Wednesday Newspaper round up.

Mining titan BHP Billiton has reiterated its full-year output targets despite a ‘lacklustre’ performance across several key businesses in the first quarter, writes the Financial Times.

According to a YouGov poll, Royal Bank of Scotland should stay in public hands and not return to the private sector, The Guardian report. Just 9.0% of voters said that the bank should be taken private, while 66% called for former bosses to return their knighthoods.

Lord Wolfson of Aspley Guise, the Chief Executive Officer (CEO) High Street retailer Next has decided to share his £2.4m bonus among the company’s staff, says The Times. He said in a letter to employees that he had already benefitted from the rise in the share price.

Xstrata’s CEO Mick Davis has walked away with a pay-off worth £14.2m as well as continued use of the company’s private jet as it was announced that he would leave the firm as part of the merger with Glencore, writes The Independent. The tie-up received the green light from Chinese regulators yesterdays after months of waiting.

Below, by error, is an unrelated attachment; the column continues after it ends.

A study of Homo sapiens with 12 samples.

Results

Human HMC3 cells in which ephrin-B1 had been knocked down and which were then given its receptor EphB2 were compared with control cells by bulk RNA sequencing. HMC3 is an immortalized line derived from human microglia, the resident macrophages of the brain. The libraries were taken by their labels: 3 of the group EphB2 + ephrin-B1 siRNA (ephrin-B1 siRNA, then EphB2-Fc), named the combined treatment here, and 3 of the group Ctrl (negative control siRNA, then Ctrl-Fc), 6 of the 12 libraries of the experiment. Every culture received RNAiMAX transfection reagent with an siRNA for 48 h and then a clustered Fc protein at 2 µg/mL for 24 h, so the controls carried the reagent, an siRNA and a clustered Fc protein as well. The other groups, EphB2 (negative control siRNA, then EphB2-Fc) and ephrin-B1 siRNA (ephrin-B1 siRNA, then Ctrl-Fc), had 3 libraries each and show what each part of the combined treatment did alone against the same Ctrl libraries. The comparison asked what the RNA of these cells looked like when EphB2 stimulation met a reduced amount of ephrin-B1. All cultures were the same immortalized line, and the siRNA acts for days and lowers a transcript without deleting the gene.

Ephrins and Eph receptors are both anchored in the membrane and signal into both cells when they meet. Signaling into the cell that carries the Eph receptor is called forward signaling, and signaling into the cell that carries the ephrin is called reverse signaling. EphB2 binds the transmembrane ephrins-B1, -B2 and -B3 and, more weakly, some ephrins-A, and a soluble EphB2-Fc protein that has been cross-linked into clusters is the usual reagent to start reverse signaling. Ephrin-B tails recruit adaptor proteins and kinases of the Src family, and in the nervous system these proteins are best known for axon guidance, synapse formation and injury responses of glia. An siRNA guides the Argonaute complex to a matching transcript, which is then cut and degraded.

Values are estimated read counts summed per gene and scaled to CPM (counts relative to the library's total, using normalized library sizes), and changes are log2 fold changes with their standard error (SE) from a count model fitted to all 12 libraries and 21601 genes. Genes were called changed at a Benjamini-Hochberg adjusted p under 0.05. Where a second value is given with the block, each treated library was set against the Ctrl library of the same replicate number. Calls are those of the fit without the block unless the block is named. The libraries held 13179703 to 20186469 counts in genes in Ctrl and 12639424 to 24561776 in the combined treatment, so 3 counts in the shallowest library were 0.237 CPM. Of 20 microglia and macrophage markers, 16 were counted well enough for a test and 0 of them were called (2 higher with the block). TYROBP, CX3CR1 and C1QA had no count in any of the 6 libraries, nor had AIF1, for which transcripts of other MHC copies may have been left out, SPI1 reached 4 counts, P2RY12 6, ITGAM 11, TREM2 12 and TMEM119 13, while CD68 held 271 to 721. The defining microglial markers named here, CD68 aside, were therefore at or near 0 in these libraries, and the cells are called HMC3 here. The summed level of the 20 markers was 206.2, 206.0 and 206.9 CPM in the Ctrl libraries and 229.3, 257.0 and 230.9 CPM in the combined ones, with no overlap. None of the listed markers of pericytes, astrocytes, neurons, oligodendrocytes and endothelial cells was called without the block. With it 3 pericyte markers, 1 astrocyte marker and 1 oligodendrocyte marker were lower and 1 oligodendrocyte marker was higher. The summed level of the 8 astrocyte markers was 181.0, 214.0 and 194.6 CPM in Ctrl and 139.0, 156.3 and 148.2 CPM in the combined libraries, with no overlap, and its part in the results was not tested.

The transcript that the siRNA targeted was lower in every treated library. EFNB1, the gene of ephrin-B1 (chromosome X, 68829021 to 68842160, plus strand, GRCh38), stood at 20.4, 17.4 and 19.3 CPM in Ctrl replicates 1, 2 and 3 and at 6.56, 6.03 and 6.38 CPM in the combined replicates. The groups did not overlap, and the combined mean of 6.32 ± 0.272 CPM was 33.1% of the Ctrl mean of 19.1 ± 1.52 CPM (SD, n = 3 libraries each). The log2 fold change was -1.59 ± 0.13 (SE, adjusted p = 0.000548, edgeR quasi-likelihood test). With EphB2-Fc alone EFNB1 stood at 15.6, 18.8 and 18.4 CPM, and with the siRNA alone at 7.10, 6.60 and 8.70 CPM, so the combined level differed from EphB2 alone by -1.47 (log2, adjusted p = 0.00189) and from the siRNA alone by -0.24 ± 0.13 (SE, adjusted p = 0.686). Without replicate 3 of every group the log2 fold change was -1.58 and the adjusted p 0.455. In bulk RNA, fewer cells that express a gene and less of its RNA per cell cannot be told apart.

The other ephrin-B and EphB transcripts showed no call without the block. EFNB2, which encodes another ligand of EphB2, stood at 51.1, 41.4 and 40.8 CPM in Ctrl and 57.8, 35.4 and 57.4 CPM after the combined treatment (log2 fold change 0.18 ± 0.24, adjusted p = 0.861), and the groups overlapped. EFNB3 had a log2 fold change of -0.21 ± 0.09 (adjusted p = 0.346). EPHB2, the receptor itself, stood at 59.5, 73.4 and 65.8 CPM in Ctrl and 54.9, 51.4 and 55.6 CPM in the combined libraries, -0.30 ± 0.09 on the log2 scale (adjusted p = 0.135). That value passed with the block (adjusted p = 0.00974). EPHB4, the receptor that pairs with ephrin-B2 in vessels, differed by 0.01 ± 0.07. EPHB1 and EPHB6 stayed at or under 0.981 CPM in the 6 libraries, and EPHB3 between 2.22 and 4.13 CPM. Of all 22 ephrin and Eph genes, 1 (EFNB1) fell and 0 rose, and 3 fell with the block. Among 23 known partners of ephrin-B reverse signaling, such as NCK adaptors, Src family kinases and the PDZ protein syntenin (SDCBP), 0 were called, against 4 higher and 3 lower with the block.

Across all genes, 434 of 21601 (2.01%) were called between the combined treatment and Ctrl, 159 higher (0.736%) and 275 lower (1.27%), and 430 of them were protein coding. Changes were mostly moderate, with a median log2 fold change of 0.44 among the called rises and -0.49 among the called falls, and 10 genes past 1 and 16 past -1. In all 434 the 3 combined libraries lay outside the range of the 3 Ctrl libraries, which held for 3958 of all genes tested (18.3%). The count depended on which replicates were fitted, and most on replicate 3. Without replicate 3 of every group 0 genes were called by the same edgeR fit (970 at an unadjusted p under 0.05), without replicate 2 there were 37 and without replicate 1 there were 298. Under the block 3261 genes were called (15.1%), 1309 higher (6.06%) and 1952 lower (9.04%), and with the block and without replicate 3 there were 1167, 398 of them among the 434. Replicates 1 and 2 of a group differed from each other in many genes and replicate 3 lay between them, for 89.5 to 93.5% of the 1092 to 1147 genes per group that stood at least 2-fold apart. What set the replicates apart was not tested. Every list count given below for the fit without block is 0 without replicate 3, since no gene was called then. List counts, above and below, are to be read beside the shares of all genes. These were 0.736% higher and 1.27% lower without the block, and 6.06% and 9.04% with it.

“Marks & Spencer CEO Marc Bolland has suffered a serious setback in his efforts to build a ‘dream team’ of clothing industry stars after ‘knicker queen’ Janie Schaffer resigned as director of lingerie and beauty after just three months in the role,” says The Scotsman.

According to The Telegraph, power has said that tax relief is necessary if the UK wants £110bn of investment this decade. This came as the company defended paying no corporation tax.